Farmland disappears

Adapted from The Vancouver Sun and

Level 2

I interviewed Harold Steves in 2009.
Harold is an interesting man.
He and my father were both at U.B.C.
They both studied Agriculture.
Both men became teachers.

Many people know about the Steves’ family.
The town of Stevenston in Richmond is named
after his grandparents.
His grandparents came to the area in 1877 from New Brunswick.
New Brunswick is in eastern Canada.
Harold remembers conversations at the dinner table
when he was young.
His father wanted a dairy farm in the 1950s.
The city did not agree.
Richmond wanted the land for houses, not for farms.
This news changed Harold’s life forever.
Harold decided to work to save farmland.
He started the first plan in the world to protect farmland.
The Agricultural Land Reserve is the name of the plan.

Harold helps Richmond
Harold still lives on his family farm with his wife, Kathy.
They raise cattle. They also try new ways to grow food.
But Harold does a lot more.
He has been a councillor in Richmond for a long time.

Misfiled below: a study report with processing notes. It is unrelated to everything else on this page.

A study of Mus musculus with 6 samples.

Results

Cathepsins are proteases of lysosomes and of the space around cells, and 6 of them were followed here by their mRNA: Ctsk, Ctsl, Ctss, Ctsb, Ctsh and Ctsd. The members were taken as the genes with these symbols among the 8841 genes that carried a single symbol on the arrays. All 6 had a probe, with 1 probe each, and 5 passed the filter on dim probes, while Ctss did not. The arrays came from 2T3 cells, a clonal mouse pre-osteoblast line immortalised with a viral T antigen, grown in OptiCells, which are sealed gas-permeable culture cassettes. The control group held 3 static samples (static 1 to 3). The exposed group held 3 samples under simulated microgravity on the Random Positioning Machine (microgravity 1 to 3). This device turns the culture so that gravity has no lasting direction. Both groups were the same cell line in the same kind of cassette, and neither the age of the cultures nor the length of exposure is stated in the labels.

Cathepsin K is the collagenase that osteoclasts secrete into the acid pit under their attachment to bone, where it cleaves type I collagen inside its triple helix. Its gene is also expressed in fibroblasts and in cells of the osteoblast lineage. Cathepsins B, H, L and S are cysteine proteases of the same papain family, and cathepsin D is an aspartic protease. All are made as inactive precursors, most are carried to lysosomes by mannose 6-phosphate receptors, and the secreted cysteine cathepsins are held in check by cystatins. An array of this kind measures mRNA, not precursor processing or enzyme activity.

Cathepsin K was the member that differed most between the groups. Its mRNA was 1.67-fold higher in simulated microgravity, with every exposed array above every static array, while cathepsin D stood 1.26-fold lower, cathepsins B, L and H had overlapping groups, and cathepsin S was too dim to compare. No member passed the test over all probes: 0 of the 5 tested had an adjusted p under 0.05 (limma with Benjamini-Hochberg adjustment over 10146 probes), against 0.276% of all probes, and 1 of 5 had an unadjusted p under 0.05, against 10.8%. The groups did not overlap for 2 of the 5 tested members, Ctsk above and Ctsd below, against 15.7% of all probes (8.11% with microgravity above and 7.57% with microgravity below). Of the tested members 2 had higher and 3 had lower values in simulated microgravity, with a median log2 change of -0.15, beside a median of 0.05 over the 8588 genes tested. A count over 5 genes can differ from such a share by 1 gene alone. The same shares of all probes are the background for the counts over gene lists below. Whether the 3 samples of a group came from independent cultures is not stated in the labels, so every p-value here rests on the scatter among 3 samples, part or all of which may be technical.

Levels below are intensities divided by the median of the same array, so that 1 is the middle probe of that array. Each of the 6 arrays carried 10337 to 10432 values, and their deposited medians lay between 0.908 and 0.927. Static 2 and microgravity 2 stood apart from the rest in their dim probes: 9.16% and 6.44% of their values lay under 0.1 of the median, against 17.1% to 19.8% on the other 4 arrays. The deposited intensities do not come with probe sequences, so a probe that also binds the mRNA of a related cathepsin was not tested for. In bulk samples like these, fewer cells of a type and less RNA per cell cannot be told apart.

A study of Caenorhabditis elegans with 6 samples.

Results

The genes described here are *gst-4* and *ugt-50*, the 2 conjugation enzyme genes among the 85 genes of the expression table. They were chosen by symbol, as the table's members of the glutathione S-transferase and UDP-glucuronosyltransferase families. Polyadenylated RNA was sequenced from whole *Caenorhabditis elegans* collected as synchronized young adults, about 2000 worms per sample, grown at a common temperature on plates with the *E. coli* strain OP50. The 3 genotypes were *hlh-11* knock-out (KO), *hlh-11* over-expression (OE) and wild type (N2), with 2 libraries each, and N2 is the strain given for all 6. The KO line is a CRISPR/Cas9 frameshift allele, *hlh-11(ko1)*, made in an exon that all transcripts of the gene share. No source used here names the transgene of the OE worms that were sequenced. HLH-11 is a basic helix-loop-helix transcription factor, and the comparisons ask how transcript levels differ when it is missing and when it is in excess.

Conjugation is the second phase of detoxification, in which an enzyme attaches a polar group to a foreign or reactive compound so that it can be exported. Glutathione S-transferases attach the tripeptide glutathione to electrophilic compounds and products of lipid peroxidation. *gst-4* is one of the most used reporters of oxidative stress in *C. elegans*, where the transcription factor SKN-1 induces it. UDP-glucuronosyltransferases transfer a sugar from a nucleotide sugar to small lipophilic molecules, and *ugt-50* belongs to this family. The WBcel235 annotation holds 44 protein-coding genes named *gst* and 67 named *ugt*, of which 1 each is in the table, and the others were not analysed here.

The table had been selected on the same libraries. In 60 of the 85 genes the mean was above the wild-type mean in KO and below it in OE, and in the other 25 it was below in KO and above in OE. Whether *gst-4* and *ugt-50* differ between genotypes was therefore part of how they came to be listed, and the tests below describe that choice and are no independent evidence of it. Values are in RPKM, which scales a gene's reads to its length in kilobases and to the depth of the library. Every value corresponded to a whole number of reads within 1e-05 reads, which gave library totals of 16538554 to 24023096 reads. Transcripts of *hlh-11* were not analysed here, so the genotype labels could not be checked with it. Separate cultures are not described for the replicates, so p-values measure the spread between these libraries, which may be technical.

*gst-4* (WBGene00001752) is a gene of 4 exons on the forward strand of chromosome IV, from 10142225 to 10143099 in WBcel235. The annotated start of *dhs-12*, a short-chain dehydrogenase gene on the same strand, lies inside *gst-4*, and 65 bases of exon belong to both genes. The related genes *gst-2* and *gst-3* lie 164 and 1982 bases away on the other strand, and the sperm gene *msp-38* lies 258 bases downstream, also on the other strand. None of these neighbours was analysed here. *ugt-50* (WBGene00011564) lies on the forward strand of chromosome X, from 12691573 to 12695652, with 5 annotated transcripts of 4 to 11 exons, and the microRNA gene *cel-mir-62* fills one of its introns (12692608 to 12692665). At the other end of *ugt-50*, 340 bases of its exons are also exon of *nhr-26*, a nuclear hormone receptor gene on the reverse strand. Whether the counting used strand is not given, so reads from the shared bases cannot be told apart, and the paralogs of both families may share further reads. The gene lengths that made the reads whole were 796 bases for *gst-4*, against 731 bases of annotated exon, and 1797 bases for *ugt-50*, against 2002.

A councillor helps the city decide how to use people’s tax money.

Harold does not want farmland to disappear.
For 50 years Harold has fought to save farmland.
He says many families have sold their farms.
Land developers buy the land.
Then the developers build homes on the land.
Recently, Port Metro Vancouver bought 80 hectares
of farmland in Richmond.
The property is an old family farm.
The Gilmore family owned this farm.
The port wants the Gilmore Farm for business.

Farmland is also disappearing in cities such as Surrey, Delta,
Richmond, Burnaby and Vancouver.
An area seven times larger than Stanley Park is now gone.

No farms, no food
Harold says that no farms means no food.
This means we have to buy food from other countries.
Food will become more expensive.

Many people want to buy food from local farms.
We want to know where our food comes from.
We need to know that our food is safe to eat.
Harold also says other countries will need to keep their own food.

A quote for teachers from Harold Steves,
interviewed by The Georgia Straight:
“The fact that we are building this road, the fact that we are destroying this land—destroying our ability to feed ourselves—is a crime against humanity as great as any of the other ones that we have witnessed in the previous 100 years or so,” Steves told the crowd of about a hundred. “By not coming to grips with climate change, by not coming to grips with the loss of our farmlands and the loss of habitat, our politicians today are every bit as guilty as every one of the despots that has gone before.”